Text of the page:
Combining Field Education with Election Cycles and Inequality

Combining Field Education with Election Cycles and Inequality

Categories: Field Education Profile, Student Profile

In the fall of 2020, the United States of America faced a unique perfect storm of anxieties: the election cycle, rising case numbers of the pandemic and the ongoing stress of remote and virtual education. For Ana Lara Lopez, her work with the Kairos Center and the Poor People’s Campaign became more important than ever.

Lopez knew she wanted to work with the Kairos Center while she studied at Warren Wilson College for her undergraduate degree, and she reached out to the team as soon as she started her education at Union. This also means that she works very closely with the Poor People’s Campaign; she highly recommends both sites as potential field education sites for future students.

“Kairos works to strengthen and expand transformative movements for social change that can draw on the power of religions and human rights,” said Lopez. “I wanted a chance to bring together my organizing background with my current studies.”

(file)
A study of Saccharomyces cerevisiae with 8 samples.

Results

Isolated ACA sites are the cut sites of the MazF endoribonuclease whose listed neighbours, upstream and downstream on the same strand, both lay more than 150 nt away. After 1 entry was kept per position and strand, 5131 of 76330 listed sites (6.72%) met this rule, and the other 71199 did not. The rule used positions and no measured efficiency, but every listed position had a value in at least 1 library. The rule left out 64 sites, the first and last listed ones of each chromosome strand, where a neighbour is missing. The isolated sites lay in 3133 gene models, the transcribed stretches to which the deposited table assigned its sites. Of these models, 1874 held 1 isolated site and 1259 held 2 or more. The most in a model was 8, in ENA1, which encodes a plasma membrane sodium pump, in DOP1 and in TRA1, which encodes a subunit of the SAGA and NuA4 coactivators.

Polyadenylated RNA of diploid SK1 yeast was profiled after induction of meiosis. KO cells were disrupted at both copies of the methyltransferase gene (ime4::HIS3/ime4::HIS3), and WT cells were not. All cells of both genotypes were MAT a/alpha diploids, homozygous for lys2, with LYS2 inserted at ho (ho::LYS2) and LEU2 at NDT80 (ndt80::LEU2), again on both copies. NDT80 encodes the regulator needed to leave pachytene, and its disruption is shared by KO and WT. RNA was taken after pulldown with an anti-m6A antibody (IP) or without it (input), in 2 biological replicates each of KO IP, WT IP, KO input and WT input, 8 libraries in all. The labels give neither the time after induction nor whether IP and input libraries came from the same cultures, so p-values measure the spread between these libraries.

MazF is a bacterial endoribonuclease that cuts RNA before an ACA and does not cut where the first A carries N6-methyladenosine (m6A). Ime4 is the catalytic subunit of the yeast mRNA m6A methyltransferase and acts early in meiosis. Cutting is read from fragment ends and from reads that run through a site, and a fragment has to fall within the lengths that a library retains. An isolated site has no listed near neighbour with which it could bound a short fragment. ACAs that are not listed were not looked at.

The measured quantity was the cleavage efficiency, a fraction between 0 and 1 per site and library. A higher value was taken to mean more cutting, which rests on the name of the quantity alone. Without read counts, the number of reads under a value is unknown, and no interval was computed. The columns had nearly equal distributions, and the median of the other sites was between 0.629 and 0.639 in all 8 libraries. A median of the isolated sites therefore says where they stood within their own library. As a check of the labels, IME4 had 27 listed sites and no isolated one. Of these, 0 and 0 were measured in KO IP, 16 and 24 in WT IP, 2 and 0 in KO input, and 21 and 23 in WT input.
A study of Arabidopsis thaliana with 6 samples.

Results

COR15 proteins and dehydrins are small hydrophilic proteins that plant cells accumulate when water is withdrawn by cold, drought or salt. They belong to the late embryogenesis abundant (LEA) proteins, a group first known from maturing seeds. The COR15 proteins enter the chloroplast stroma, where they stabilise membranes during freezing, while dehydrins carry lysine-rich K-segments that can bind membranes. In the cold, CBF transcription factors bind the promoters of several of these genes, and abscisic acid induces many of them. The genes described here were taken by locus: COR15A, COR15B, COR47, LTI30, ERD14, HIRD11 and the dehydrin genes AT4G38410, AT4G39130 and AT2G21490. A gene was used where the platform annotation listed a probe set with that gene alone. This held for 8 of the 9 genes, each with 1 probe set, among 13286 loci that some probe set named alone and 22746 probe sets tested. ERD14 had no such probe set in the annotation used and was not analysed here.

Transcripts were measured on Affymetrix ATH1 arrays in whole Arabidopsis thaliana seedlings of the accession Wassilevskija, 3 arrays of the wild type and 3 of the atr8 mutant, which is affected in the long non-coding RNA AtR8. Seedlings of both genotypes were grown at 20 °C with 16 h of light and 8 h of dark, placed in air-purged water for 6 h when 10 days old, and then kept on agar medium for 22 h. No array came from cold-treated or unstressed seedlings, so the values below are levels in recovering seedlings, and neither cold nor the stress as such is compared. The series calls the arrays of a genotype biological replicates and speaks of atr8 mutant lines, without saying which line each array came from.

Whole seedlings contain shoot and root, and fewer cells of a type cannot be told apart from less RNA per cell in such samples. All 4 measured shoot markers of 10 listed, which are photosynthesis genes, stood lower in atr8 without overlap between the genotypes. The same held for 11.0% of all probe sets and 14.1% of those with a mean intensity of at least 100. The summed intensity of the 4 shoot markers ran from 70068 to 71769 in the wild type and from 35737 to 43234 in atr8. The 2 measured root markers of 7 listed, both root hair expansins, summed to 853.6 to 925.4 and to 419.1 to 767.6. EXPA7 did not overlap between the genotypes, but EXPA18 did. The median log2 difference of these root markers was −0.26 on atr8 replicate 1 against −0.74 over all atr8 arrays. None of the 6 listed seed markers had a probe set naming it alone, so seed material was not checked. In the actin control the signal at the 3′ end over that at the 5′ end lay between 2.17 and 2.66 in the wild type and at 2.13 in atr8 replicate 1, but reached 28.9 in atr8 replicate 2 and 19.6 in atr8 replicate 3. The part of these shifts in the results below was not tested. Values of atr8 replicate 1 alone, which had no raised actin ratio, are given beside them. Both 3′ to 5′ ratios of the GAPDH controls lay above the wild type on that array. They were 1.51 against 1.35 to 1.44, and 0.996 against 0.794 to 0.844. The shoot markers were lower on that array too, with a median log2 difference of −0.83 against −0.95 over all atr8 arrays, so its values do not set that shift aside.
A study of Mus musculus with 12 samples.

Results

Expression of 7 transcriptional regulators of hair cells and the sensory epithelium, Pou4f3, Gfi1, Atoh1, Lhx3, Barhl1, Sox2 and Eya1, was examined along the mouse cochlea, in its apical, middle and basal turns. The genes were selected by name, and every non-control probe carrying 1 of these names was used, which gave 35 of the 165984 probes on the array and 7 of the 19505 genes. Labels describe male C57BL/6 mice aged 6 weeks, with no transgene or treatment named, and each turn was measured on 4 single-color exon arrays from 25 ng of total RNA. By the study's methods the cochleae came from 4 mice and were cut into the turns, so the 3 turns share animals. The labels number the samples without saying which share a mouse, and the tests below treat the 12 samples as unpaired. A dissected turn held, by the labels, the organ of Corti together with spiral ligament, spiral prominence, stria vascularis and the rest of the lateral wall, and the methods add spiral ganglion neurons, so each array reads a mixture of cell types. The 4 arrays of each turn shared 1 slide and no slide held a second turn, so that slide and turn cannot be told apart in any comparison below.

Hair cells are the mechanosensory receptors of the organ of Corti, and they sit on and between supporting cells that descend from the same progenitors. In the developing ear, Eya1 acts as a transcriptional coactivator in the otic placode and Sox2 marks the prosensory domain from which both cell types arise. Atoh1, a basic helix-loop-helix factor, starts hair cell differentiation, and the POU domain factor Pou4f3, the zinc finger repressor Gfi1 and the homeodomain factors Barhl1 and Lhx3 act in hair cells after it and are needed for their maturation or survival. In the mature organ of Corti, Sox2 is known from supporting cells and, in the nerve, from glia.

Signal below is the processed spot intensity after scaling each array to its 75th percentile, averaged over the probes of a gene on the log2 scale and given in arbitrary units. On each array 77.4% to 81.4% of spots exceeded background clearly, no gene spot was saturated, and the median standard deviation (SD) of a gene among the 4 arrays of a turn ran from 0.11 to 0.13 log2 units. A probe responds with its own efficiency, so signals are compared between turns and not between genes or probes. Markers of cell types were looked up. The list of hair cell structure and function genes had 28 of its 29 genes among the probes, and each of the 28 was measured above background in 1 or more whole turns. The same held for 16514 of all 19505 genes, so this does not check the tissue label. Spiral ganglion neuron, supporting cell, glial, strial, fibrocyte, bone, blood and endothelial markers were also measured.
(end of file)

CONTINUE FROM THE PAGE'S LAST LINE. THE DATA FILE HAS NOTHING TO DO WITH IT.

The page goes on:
As her work has been fully digital, not many of her duties have changed due to COVID-19, just her location. Though it does mean there are fewer opportunities to see the behind-the-scenes of other exciting projects, she’s able to advance different campaigns and projects remotely.

One major project she has helped to lead is the GenNOW Organizing Force through the PPC.

“We have a total of twenty-seven participants from seventeen different states within this GenNOW program,” said Lopez. “These are young leaders who are impacted by the systemic injustices of today and who are working to combat the five evils the Poor People’s Campaign focuses on, which are: systemic poverty, systemic racism, ecological devastation, the war economy and militarism, as well as the distorted moral narrative within Christian Nationalism in the United States.”

Lopez suggests students exploring field education opportunities should keep an open mind and a willingness to be surprised; she encourages students to “slow down and notice how Spirit, Divine/God works in unexpected ways and in the subtleties of everydayness.”

“Because as Reverend Liz Theoharis says, ‘when we lift from the bottom up, everyone rises,’” she said. “I believe that and it’s a lesson I will take with me wherever I go.”